A Drinking Water Event

Related search terms from www.waterinfolink.com: product certification, associations

With budgets tightening and travel expenses increasing, many industry professionals are left with the difficult task of deciding which industry tradeshows to attend this year. The American Water Works Association’s (AWWA) Annual Conference and Exposition is one tradeshow that produces a large number of exhibitors and attendees each year. The 128th AWWA Annual Conference and Exposition (ACE09) will be held June 14 to 18 in San Diego.

AWWA was founded in 1881 as an advocate of safe water for public health, safety and welfare for the water community. AWWA is an international, nonprofit educational society that consists of more than 60,000 members representing scientists, environmentalists, manufacturers, regulators, academicians and treatment plant operators and managers in the water community.

What to Expect

AWWA’s annual conference improves water quality by presenting developments in technology, processes and products. ACE09 will include more than 500 exhibiting companies and manufacturers of pipes, valves, meters, hydrants, membrane filtration systems, laboratory equipment and engineering services.

Attendees consist of water and wastewater utility management, personnel, board and commission members; manufacturers and distributors of water industry equipment and supplies; researchers, academicians and students; international, federal, state and local water quality regulators and public health administrators; consumer organizations and interest groups; consultants and consulting engineers.

Among this extensive list of attendees will be the Water Quality Association (WQA). The WQA was established in 1973 from a merger of Water Conditioning Association International and the Water Conditioning Foundation. Although WQA as an organization did not exist until 1973, WQA’s laboratory and product validation program has been testing and certifying products since 1959. In 2003, WQA’s laboratory expanded its scope by becoming accredited by the American National Standards Institute (ANSI) and the Standards Council of Canada (SCC).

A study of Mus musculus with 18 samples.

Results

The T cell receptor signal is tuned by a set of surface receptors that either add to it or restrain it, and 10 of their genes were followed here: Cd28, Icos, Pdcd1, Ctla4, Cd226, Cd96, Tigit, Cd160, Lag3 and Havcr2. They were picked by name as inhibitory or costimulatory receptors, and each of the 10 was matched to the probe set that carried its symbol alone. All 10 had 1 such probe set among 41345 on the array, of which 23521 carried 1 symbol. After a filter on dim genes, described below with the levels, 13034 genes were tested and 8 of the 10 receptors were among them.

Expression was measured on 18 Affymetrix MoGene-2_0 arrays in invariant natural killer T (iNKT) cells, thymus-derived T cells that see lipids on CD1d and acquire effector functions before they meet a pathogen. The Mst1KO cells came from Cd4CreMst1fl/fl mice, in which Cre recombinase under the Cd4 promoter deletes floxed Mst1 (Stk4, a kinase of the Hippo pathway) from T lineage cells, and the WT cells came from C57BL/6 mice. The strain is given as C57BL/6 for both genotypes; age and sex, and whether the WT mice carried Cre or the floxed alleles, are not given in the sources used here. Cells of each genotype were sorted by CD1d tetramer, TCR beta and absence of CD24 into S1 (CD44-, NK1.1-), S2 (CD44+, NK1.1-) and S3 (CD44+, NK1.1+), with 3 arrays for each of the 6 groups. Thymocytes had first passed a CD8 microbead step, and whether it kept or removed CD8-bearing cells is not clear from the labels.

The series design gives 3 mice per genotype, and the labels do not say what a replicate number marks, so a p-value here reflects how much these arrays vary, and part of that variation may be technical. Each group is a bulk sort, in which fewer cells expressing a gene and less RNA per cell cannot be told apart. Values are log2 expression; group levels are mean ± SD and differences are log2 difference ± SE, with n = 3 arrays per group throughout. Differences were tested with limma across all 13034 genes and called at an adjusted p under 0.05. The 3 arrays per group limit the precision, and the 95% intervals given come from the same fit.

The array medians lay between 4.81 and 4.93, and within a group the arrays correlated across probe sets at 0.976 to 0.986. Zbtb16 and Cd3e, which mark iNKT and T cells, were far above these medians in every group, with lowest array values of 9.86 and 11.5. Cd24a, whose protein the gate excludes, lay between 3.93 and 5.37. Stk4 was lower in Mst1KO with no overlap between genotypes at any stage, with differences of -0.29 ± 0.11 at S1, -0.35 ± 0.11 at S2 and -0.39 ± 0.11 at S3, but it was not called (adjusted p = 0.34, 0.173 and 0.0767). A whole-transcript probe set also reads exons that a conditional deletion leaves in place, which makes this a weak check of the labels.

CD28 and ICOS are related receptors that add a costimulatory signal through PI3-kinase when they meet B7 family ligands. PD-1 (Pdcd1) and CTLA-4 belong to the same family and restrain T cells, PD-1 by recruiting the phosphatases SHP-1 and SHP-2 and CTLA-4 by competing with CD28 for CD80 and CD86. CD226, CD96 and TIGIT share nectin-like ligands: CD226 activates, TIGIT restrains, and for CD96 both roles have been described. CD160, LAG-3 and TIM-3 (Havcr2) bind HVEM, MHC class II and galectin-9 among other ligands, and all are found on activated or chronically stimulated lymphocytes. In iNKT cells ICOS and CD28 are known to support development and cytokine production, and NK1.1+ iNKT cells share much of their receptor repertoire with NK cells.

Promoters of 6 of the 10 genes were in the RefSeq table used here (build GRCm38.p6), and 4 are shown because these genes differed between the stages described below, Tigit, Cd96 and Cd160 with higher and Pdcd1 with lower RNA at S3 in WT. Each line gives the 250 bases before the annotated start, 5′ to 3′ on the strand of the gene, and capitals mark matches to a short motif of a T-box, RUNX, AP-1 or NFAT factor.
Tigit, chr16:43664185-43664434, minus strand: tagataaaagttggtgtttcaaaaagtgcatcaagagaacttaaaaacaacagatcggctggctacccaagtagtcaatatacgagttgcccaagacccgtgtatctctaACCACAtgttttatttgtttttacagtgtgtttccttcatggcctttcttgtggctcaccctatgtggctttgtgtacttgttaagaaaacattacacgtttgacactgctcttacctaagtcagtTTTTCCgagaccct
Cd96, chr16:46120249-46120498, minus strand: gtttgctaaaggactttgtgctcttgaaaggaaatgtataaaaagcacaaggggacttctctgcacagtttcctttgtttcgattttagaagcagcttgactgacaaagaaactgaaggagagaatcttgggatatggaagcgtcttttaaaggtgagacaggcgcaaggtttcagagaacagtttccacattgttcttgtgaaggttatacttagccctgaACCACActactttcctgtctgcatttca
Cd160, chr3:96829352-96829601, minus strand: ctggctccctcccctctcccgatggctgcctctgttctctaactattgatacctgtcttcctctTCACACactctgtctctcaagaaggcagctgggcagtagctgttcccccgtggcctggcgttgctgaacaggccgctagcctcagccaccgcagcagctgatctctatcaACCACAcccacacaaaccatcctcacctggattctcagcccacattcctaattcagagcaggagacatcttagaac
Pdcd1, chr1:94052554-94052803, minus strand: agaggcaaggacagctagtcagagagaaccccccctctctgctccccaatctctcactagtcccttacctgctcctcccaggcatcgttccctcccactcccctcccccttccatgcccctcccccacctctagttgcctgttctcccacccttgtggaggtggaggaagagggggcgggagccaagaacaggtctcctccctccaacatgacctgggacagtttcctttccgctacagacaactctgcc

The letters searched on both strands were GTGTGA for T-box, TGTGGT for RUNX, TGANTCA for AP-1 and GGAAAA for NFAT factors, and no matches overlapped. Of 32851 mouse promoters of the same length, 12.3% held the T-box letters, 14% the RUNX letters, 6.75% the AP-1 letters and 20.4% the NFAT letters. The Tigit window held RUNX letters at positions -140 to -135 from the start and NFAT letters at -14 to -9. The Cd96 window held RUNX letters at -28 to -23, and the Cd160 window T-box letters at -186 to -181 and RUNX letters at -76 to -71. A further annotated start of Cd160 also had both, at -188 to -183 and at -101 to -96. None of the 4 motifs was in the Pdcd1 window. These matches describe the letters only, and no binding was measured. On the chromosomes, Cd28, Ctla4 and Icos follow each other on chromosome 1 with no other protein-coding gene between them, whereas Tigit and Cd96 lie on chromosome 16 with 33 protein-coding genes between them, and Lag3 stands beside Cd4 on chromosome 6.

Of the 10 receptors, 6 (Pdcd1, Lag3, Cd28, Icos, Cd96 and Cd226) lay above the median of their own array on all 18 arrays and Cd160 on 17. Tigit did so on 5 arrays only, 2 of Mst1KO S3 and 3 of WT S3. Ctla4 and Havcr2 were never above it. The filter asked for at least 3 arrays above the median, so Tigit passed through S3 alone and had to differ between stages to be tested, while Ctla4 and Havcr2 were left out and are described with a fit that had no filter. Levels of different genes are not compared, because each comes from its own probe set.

Many state legislative bodies, plumbing codes and individual cities require drinking water products to be certified by an ANSI-accredited certification agency before they can be installed or sold to consumers in the U.S. Additionally, products making health claims have to be registered with California and Iowa, and all products plumbed into the drinking water system have to be registered with Wisconsin and Massachusetts. Provinces in Canada require products be certified by a SCC-accredited certification agency before they can be sold to consumers.

Certification Overview

If you manufacture components, products or materials used in drinking water systems, you can certify your products to NSF/ANSI Standard 61, which establishes minimum health effects requirements for the chemical contaminants that may be indirectly imparted into the drinking water from components, products and materials used in drinking water systems. NSF/ANSI Standard 61 does not establish performance, taste, odor or microbial growth support requirements.

Products covered under this standard include pipes and pipe-related products, protective-barrier materials, joining and sealing materials, process media, mechanical devices and mechanical plumbing devices.

If you manufacture chemicals used in drinking water, you can certify your products to NSF/ANSI Standard 60. This standard establishes minimum health effects requirements for chemicals, the chemical contaminants and the impurities that are directly added to drinking water from drinking water treatment chemicals, and it ensures that chemicals are safe at the maximum dose and that impurities are below the maximum acceptable levels. NSF/ANSI Standard 60 does not establish performance or taste and odor requirements for drinking water treatment chemicals.

If you manufacture drinking water treatment units (DWTUs), you can certify your products for performance claims, materials safety, structural integrity and literature requirements of industry standards. Some examples of DWTUs are drinking water filters, cation exchange water softeners, swimming pool circulation systems, reverse osmosis systems, ultraviolet microbiological water treatment systems, distillation systems, shower filters and ozone generators.

Certification inquiries start the review process for any of the items mentioned above and involve submittal of documentation, performance testing, literature review, facility inspections and issuing of certification.

Melissa Tonsor, CWS-VI, is sales manager for the Water Quality Association. Tonsor can be reached at 630.929.2527 or by e-mail at mtonsor@wqa.org.